As our Ft. Lauderdale appellate attorneys will attest, sometimes a case requires a second (or third) judicial analysis before the correct conclusion is reached. In one recent case – which involved insurance coverage, indemnification rights and the construction industry – a general contractor finally won its case against the insurance company refusing to indemnify it for its losses following a botched roof installation job.
Notwithstanding the construction company’s loss at trial, the U.S. Court of Appeals for the Eleventh Circuit (which covers Florida) reversed the lower court’s ruling, citing several reasons why the contractor was entitled to indemnification for the over $300,000 verdict entered against it at trial.
Details of the Appellate Case
As a bit of background, the case began when the plaintiff – an Alabama-based construction outfit – engaged in arguably shoddy work while replacing roof shingles for a local church parish, resulting in significant leakage and damage to the structure’s interior. Seven years later, the parish hired an inspector to analyze the roof and determine the extent of the damage.
After confirming what it already knew, the parish opted to sue the roofing contractor for breach of implied warranty – a cause of action that alleges a product or service, as rendered, is not fit for its ordinary and typical purpose. In this example, the parish alleged that the roof it purchased did not comport with the ordinary purpose of a roof, which is to provide leak-free shelter.
After a lengthy trial in U.S. District Court, in which the contractor’s insurance company stepped up to its defense, the plaintiff secured a $350,000 verdict. Shortly thereafter, the insurance company asserted that it did not, in fact, owe it to the contractor to ante up the $350,000 – and it would not cover the loss.
Issues Covered on Appeal
There were two major concerns at issue in this appellate case. First, the insurance company pointed to the language of the policy that required the happening of an “occurrence” prior to covered damage. Under the law, an “occurrence” is considered ‘an accident, including continuous or repeated exposure to substantially the same general harmful conditions.’ Further, the court highlighted the general definition of an “accident” as something sudden, unforeseen, or unusual.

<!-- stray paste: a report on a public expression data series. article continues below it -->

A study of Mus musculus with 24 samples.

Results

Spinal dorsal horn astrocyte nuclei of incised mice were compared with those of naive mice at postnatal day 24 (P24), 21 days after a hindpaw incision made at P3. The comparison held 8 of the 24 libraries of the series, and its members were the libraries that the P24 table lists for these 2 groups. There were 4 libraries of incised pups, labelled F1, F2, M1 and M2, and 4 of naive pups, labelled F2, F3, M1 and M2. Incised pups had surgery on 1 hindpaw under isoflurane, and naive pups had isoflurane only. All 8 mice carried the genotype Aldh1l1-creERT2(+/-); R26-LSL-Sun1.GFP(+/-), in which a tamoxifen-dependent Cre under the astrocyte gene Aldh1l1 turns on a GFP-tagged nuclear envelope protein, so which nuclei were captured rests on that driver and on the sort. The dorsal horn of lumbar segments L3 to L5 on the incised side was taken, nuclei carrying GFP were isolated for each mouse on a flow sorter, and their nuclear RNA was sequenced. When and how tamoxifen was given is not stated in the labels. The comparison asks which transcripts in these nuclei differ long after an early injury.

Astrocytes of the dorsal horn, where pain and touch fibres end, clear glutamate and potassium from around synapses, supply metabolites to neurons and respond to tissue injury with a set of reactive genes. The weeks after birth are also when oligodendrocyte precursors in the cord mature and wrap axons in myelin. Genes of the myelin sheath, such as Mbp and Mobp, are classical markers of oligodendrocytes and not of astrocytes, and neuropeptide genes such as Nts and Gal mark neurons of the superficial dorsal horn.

After analyzing several relevant cases, the court concluded that poor workmanship is considered within the purview of an “occurrence,” and is in fact something unforeseen or unusual.
Secondly, the insurance company raised a “contractual liability exclusion” claim, which bars coverage for “bodily injury or property damage for which the insured is obligated to pay damages by reason of the assumption of liability in a contract or agreement.”
The court quickly overruled this argument by holding that the expectation of the parish that the contractor would use reasonable skill to complete the roofing project did not – in and of itself – establish or create an assumption that the contractor would assume all risk if the project did not meet the implied warranty standards described above. By contrast, the court held that only an express assumption of risk would invoke the exclusion, which was not the case here.
In sum, the result of the appellate case was that the insurance company was ordered to pay $350,000 to the general contractor, as there were no applicable exclusions to prevent recovery.
Contact an Appellate Attorney Today!
If you are in search of an attorney to handle your case from beginning to end, do not hesitate to contact the Law Office of Michael L. Feinstein in Ft. Lauderdale today!